An attorney, author, football coach, special education schoolteacher and street vendor would like to add another title to his long resume: poet laureate.
Fifty-two-year-old James Faraguna is launching a campaign to become the next Ken Siegelman, the borough’s beloved poet laureate who died in June.
“I think I need to,” Faraguna said of his poetic mission.
He recently posed in front of Borough Hall with his wife, Gunsel Yildirin, longtime family friend Fred Lee, and the entertainer who goes by the name King Henry, hoping to make a case for his ascension.
As poet laureate, Faraguna, who lives in the Midwood section of the borough, said his goal is to teach kids that “it’s okay to have feelings and to express yourself.”
He said his latest poem “Brooklyn is everything,” shows the many facets of the borough. “Brooklyn is full of everything/it’s many things to me/everyone who lives right here has all they need come see,” the poem reads.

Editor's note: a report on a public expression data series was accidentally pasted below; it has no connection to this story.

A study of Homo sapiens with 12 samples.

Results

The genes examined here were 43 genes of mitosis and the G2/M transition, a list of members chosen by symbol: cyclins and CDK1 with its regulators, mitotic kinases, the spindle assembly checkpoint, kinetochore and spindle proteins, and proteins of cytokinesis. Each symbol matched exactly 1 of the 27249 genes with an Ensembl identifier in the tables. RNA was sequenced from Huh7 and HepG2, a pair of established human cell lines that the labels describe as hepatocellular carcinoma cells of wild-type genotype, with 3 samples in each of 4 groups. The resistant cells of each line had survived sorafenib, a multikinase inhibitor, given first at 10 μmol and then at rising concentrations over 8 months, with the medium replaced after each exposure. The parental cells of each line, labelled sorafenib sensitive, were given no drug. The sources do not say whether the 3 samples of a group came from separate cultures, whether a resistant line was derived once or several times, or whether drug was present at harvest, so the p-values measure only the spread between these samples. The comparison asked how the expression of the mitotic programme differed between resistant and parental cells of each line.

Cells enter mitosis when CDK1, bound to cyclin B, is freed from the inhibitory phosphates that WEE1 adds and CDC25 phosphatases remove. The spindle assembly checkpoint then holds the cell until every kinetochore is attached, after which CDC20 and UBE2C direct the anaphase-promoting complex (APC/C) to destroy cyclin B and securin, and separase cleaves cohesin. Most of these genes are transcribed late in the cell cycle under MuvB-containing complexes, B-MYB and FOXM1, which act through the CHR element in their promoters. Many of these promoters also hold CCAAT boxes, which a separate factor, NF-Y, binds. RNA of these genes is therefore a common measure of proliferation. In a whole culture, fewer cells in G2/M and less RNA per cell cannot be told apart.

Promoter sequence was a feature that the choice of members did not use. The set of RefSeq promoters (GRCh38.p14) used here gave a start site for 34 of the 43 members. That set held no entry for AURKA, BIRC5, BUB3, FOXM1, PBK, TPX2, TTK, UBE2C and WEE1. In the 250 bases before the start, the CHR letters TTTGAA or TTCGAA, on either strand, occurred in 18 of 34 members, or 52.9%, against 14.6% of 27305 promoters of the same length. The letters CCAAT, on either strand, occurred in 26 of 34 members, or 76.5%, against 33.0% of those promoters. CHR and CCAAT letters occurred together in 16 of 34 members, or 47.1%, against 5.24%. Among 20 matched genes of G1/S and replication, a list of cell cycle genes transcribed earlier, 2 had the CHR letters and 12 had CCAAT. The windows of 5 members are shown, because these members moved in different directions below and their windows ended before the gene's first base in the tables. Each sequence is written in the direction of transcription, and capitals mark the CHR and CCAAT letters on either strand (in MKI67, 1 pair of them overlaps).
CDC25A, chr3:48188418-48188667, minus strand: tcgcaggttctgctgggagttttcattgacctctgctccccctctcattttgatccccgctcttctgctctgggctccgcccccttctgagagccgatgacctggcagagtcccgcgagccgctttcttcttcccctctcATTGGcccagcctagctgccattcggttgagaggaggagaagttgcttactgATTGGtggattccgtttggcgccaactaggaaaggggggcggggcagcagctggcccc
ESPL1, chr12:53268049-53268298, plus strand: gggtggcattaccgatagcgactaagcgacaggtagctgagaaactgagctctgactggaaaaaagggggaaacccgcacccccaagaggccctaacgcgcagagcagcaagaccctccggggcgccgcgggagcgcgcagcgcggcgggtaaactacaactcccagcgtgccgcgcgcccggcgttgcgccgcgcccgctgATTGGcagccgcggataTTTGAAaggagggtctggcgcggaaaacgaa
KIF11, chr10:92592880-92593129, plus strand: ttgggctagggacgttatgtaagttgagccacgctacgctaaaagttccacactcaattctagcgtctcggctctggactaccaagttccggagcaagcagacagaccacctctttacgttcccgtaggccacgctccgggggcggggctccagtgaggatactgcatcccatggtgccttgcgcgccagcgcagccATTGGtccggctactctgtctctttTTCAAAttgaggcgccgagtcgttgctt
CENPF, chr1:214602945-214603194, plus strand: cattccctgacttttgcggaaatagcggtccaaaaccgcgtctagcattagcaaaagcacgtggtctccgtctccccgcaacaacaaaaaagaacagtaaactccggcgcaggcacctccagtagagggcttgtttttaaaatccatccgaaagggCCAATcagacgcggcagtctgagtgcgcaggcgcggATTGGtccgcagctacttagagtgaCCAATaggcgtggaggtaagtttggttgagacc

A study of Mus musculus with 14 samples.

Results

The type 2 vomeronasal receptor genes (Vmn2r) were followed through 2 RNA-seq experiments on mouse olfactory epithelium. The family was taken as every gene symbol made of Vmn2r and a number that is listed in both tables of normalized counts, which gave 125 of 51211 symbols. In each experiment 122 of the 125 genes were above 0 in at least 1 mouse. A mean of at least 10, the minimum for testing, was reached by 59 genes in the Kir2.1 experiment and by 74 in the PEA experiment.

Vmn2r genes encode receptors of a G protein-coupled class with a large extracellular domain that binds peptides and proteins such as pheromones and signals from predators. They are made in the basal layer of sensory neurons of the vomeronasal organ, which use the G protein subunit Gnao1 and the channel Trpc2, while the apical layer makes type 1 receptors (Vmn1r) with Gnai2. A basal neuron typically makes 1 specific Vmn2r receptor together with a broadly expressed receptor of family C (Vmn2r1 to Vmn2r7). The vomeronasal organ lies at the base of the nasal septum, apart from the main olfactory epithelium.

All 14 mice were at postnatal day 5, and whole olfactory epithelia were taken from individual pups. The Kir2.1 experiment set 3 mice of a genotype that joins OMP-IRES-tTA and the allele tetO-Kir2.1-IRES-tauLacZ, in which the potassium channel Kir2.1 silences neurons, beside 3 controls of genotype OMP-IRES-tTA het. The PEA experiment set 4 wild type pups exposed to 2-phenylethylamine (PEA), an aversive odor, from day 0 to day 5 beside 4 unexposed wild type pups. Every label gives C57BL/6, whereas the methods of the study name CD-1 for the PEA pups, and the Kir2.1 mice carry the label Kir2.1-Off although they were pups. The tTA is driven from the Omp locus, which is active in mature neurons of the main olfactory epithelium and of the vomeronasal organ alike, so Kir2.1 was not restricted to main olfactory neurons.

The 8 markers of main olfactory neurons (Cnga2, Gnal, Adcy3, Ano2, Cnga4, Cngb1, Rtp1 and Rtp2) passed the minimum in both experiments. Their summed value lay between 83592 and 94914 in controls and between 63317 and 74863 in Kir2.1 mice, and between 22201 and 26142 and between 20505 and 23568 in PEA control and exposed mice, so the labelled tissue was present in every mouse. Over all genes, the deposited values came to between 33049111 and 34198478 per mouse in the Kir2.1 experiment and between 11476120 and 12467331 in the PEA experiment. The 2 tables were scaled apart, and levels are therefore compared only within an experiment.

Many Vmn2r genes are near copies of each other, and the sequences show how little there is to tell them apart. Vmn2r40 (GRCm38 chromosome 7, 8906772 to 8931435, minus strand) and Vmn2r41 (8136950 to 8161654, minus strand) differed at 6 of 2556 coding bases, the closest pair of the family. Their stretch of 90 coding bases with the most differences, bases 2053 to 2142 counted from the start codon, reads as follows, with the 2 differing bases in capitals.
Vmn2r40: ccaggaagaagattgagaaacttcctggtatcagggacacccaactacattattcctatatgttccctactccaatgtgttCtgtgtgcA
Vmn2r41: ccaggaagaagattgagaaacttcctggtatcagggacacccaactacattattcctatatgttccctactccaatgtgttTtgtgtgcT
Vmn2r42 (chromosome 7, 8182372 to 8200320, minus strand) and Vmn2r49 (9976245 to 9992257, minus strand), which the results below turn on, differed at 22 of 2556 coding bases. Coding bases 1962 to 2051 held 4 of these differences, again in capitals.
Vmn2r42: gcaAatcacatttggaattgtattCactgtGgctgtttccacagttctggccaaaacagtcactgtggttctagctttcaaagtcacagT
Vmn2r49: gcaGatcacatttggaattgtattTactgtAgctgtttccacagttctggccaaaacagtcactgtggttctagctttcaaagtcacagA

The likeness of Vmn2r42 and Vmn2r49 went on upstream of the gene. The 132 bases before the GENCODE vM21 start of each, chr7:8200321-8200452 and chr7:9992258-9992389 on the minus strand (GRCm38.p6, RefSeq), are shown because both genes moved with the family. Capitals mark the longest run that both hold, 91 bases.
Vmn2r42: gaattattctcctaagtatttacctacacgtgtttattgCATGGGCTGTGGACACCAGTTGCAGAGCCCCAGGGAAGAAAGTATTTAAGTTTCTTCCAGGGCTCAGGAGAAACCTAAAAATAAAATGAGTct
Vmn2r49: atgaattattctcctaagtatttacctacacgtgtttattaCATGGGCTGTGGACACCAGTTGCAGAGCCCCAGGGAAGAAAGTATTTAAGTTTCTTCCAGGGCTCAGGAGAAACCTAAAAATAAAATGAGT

Faraguna is the author of the book, “America Lives in Brooklyn,” and is a disabled veteran, having suffered a fall from a helicopter when he was at West Point, he said. He said he coached American football in Istanbul, and practices law pro bono. He sells his wife’s photographs al fresco.
He said the motto for his campaign for poet laureate is “find a need and sell it.” “We have a need for kids to have feelings and connect with people in the twilight of their lives,” he reasoned. Being poet laureate would be “the mitzvah of my life,” he added.
This weekend, the borough’s poet laureate selection panel was announced. Members include Dionne Mack, Brooklyn Public Library; Anthony Vigorito, member of Brooklyn Poetry Outreach and associate of Ken Siegelman; Rob Casper, Poetry Society of America; Julie Agoos, Brooklyn College; and Linda Susan Jackson, Medgar Evers College. In the coming months, the panel will make recommendations to Borough President Marty Markowitz, according to his spokesperson, Laura Sinagra. “We are thrilled that Brooklyn has so many great poets,” she said.